Sarah Atherton is the first female Conservative MP in Wales after winning Wrexham from Labour.Read more
Alyn & DeesideParliamentary constituency
- Votes: 18,271
- Vote share %: 42.5
- Vote share change: -9.6
- Votes: 18,058
- Vote share %: 42.0
- Vote share change: +1.6
The Brexit PartySimon Wall
- Votes: 2,678
- Vote share %: 6.2
- Vote share change: +6.2
Liberal DemocratDonna Lalek
- Votes: 2,548
- Vote share %: 5.9
- Vote share change: +3.5
Plaid CymruSusan Hills
- Votes: 1,453
- Vote share %: 3.4
- Vote share change: +0.8
Change compared with 2017
- LAB majority: 213
- Registered voters: 62,783
- Change since 2017: -2.5
He previously had a majority of over 5,000.
He told BBC Radio Wales: “If you stand in the middle of the road you’ll get run over and that’s what happened to us I think.”
Mark Tami has been re-elected as the MP for Alyn & Deeside, with a significantly decreased majority.
The Labour candidate beat Conservative Sanjoy Sen by just 213 votes - a small fraction of his 5,235 vote majority at the 2017 general election.
Simon Wall of the Brexit Party came third and Liberal Democrat Donna Lalek came fourth.
Voter turnout was down by 2.5 percentage points since the last general election.
More than 43,000 people, 68.5% of those eligible to vote, went to polling stations across the area on Thursday, in the first December general election since 1923.
One of the five candidates, Susan Hills (Plaid Cymru) lost her £500 deposit after failing to win 5% of the vote.
This story was created using some automation.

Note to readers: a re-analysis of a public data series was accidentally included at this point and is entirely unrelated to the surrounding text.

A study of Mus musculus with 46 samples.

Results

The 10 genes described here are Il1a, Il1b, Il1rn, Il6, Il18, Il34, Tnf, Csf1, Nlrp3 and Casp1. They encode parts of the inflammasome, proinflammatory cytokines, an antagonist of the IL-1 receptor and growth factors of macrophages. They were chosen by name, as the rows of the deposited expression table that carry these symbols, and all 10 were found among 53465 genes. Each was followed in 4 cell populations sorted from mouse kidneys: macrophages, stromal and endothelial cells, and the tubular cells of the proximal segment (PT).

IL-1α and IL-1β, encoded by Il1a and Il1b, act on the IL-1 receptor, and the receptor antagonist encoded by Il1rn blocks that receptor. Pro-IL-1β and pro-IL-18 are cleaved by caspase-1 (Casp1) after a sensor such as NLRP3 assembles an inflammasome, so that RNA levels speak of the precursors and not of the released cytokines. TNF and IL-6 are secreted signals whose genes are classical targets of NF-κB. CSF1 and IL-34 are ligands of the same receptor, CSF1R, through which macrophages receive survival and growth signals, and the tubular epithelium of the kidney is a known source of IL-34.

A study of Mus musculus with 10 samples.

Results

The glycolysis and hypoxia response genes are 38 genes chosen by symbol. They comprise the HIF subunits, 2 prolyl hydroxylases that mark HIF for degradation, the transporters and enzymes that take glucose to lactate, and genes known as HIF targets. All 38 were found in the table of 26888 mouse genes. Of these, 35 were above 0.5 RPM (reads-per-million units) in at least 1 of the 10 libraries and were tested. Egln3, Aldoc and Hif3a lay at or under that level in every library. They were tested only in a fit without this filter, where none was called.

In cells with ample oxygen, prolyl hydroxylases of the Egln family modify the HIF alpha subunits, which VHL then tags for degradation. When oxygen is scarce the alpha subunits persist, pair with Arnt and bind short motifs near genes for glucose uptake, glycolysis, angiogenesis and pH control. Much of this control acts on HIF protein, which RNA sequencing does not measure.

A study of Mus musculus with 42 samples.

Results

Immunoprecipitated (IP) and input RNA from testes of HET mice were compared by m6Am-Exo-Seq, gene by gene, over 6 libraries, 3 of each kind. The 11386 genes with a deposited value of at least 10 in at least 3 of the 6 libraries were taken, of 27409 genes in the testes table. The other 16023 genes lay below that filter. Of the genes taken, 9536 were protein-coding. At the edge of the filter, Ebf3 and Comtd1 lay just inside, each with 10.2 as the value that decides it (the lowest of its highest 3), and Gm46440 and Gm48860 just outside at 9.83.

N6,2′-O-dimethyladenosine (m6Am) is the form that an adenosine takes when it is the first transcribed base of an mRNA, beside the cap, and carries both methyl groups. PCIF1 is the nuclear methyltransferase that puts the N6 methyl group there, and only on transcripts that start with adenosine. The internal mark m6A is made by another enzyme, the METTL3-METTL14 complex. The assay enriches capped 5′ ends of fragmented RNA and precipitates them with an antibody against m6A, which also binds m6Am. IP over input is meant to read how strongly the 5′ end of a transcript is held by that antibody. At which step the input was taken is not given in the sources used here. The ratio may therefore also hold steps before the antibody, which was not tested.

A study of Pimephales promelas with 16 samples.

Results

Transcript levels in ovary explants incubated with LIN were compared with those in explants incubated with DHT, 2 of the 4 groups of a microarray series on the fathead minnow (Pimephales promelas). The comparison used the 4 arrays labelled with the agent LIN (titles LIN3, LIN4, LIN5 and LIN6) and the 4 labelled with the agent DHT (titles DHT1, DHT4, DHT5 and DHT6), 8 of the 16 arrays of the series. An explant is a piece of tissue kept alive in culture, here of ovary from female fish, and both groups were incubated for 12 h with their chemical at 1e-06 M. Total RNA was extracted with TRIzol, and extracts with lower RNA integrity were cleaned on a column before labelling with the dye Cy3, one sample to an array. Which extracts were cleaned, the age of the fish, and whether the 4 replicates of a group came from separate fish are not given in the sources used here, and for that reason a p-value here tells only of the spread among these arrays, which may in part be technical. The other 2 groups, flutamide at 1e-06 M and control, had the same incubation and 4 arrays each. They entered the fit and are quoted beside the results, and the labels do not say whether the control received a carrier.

BBC Wales political editor
The political map of Wales has changed enormously. Aside from the single seat of Alyn & Deeside, Labour has been vanquished from north Wales.
The Conservatives are celebrating a return to their high watermark of 1983 when they held 14 seats in Wales, Boris Johnson’s Brexit message resonated among Welsh Labour leave voters.
But many Welsh Labour sources say Jeremy Corbyn was a major factor in turning off the party’s traditional supporters.
They will also question the approach of their Welsh leader Mark Drakeford.
Should he have done more to “Welshify” this election and distinguish Welsh Labour from the UK party? Was that even achievable given the dominance of the two characters of Mr Corbyn and Mr Johnson?
The Liberal Democrats will rue the day they pushed for this election – their hubris has been mercilessly punished.
And Plaid will breathe a big sigh of relief that they hung on to two ultra marginals, and were let off the hook by a split leave vote in Carmarthen East. Coming third in their target seat of Ynys Mon is a blow that leaves them at the status quo of 4 seats.
The economy secretary admits there were "concerns" over the Alyn and Deeside by-election within Labour.